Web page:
These projects include those that have been spearheaded by AI Singapore’s 100 Experiments initiative to solve problems for businesses through AI, and to support the growth of local AI start-ups.
With the partnership between Google Cloud and AI Singapore, companies will have the opportunity to use Google Cloud’s AI and machine learning services to produce minimal viable products, with half of the project costs co-funded by AI Singapore.
One Singapore start-up that has benefitted from AI Singapore’s programmes and its partnership with Google Cloud is Oceans.ai. The company has built an asset inspection platform that uses drones and robotics to identify defects in industrial equipment, such as those used by the oil and gas industry.
“We’ve built a basic inspection and reporting platform, using Firebase and Google Cloud services like the Cloud Run engine and cloud storage,” said Vinod Govindan, founder and managing director of Oceans.ai, adding that the company is now building an AI engine to identify asset defects using drone imagery.
Govindan said using Google Cloud has enabled it to speed up development time, along with the flexibility to build front-end applications using Firebase. “Once the AI engine is developed, we expect to use Kubernetes and some AI components in the Google Cloud platform in our deployment,” he added.
Laurence Liew, director for innovation and maker space at AI Singapore, said the partnership with Google Cloud is not exclusive, adding that there are projects in the 100 Experiments initiative which run on Amazon Web Services and Microsoft Azure.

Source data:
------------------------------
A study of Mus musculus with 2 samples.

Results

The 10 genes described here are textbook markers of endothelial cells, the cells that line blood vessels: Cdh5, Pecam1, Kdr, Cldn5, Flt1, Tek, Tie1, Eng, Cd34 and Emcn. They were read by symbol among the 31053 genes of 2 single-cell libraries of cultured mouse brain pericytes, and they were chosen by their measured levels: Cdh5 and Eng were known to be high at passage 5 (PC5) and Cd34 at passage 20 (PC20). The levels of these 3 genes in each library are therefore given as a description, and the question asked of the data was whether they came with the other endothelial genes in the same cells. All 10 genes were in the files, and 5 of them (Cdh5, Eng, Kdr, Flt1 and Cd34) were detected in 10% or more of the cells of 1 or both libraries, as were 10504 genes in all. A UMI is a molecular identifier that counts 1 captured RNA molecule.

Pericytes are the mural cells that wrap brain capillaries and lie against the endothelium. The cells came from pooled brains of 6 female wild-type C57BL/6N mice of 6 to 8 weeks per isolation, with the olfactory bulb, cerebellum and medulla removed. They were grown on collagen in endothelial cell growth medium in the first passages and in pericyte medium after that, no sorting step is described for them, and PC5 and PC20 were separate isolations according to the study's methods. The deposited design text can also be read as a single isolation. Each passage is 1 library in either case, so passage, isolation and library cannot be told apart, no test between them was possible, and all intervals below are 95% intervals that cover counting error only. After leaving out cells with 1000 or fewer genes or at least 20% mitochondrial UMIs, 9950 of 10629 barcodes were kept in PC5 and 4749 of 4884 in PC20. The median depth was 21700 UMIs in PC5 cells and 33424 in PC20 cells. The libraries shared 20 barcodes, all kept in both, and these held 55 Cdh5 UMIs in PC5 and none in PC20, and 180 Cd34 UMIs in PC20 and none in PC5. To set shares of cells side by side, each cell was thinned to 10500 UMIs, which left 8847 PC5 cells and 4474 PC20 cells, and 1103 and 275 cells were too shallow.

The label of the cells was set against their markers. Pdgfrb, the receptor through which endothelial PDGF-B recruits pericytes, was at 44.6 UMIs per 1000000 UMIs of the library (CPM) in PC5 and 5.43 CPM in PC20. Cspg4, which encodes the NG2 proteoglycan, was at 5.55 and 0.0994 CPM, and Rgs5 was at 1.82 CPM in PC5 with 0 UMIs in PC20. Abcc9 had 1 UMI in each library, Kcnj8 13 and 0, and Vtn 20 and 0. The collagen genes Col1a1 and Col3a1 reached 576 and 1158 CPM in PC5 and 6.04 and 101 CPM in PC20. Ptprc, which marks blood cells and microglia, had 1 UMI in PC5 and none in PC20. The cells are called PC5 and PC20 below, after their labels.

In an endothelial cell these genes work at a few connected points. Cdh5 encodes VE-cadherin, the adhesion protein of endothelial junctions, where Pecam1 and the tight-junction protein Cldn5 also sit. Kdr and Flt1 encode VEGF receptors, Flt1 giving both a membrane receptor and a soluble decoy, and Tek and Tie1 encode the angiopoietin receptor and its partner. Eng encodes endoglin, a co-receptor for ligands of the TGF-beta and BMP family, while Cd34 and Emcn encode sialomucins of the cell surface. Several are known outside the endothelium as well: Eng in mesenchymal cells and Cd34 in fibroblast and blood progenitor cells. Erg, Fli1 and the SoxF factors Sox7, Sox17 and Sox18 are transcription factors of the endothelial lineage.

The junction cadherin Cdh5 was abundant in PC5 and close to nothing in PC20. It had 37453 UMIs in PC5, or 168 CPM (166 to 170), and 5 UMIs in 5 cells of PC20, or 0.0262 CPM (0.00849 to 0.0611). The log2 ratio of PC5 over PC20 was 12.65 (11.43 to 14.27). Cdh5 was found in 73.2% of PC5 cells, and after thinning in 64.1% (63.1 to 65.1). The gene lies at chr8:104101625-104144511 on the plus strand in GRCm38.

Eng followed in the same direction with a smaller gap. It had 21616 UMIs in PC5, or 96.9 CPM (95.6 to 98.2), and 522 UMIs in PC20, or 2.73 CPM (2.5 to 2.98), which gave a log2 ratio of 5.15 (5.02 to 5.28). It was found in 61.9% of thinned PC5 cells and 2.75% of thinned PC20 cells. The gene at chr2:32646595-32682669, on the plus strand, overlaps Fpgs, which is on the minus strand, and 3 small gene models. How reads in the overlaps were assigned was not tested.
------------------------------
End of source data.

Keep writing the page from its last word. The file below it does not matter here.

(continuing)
That said, Liew noted that the Google partnership is a “natural extension” of the work that AI Singapore is already doing with cloud providers and will attract more companies to the 100 Experiments programme and the Google Cloud platform.
Google Cloud has been touting its AI capabilities for some time now as it competes with other cloud suppliers for a slice of the public cloud market.
“We have an open-source methodology and we’ve been dealing with AI for a long time,” said Paul Wilson, managing director for public sector at Google Cloud Asia-Pacific. “We've really developed AI all the way up to the silicon layer with our TPUs [tensor processing units].”
Google Cloud has been maintaining its growth momentum, benefiting from its Google One approach of driving cross-sell and integration opportunities across its portfolio.
Overall, it grew 56% in the first quarter this year to account for a 7% market share, according to market data from Canalys, which noted that cloud-native development and cloud migration among Google Cloud customers has been boosted by the company’s focus on industry-specific solutions, machine learning, analytics and data management.